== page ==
Just in case you hadn’t heard the news, IMTS 2018 starts up in Chicago on Monday, Sept. 10, for a week-long run. As you may have guessed from the heft of this extra-large version of Manufacturing Engineering, we are presenting previews of the IMTS Pavilions, including commentary on technology trends and LOTS of product previews.
My first IMTS was in 2006 and the show has grown dramatically since then, now drawing well over 100,000 visitors. They’ll have a lot to see, according to the writers of our pavilion coverage. For example, in Tooling & Workholding Systems, discussions will focus on how manufacturers can implement Industry 4.0 through new machine monitoring programs; streamline operations with automation; use high-precision chucks for faster changeouts on collets, bushings, and jaws; and run cutting tools designed for new milling strategies made possible by five-axis machine tools.
Speaking of machines, in our Metal Cutting preview you’ll not only learn that new turning, milling, and drilling strategies will be presented as standalone, multi-machine or cellular machining process solutions, but also that disruptive technologies like additive manufacturing and digitalization are changing the machining equation. More data are being collected from machines and from end-use products, and manufacturers are beginning to use this data to transform their understanding of how to minimize machine downtime.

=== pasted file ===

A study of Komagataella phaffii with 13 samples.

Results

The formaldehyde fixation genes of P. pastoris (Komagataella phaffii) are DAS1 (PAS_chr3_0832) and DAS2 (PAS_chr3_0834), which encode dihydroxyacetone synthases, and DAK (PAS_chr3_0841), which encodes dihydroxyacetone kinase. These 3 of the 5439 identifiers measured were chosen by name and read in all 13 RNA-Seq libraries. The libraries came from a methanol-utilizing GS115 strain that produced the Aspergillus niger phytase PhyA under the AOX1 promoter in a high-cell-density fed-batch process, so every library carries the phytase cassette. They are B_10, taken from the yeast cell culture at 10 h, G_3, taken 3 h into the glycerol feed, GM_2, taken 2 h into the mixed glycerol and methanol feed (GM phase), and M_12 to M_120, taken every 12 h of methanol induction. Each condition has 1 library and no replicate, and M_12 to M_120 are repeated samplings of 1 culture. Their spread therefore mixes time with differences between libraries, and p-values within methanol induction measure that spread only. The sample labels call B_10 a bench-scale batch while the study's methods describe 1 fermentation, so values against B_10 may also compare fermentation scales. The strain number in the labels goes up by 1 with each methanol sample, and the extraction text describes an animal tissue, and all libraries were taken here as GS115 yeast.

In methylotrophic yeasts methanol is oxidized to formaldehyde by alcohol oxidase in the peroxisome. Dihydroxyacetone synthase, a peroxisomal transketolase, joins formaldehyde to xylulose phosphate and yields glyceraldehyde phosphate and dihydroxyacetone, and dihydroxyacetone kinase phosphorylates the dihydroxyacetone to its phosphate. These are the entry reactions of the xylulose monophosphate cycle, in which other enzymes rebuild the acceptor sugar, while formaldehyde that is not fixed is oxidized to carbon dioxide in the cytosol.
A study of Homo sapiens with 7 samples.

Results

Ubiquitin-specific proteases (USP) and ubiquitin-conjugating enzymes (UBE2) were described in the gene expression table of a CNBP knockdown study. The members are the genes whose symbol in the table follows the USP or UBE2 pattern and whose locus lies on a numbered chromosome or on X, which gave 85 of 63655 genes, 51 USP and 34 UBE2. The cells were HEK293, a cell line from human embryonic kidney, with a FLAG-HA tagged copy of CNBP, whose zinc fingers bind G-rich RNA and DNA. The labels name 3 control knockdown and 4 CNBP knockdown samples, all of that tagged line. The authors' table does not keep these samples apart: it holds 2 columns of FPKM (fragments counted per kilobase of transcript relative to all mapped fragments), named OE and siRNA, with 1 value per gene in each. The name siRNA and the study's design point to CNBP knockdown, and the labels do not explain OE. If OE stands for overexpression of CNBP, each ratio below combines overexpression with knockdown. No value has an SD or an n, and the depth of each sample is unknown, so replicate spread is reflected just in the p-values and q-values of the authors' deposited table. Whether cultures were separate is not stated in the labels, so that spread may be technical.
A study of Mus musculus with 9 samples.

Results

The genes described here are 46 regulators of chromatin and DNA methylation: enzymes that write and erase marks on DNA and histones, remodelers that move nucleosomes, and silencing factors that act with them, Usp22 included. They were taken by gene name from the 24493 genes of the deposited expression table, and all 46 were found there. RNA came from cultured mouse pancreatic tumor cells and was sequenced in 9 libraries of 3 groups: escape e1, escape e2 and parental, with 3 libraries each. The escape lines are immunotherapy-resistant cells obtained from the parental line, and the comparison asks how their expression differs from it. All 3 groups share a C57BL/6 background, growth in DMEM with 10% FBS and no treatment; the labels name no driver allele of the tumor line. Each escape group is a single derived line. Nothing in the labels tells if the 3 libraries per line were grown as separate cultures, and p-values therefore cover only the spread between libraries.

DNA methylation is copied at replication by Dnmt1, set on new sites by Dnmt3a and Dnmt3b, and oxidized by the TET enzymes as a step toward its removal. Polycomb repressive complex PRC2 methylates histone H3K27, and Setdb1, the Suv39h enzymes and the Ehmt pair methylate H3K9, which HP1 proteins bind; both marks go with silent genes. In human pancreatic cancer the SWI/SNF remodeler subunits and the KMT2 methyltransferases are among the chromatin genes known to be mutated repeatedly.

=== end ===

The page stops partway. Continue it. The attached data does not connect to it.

Likewise, if you read our coverage of the Quality Assurance Pavilion, you’ll learn how quality devices are “burrowing their way into the heart of manufacturing—on the shop floor.” Quite simply, in-machine measurement has become an integral element of high-end CNC machining.
Who Will Make it Work?
All that technology is great, but one of the questions is how do we get people to learn about and use it? Of course there will be thousands of people who are already working in manufacturing prowling the halls of McCormick Place, but we need more.
One inspiring story, from SME’s “Humans in Manufacturing” series, tells the story of how Gene Sherman, a political refugee from Ukraine, grew up working in his family’s California machine shop and has now founded Vocademy in Riverside, CA, a facility he calls “an Olympic Training Center version of a makerspace,” where 80% of the experience is focused on hands-on training in over a dozen advanced manufacturing disciplines. You can read about Gene and lots of other “humans” at www.sme.org/humans-of-manufacturing.aspx.
We’ll need lots of people like Gene Sherman to spread the word about why manufacturing is a great career. And you can find out about what SME is doing and how you can help at our booth at IMTS. Our initiatives like Tooling U-SME, the SME Education Foundation, and student innovation tours and competitions are helping bridge the skills gap. Come on by and see us in September!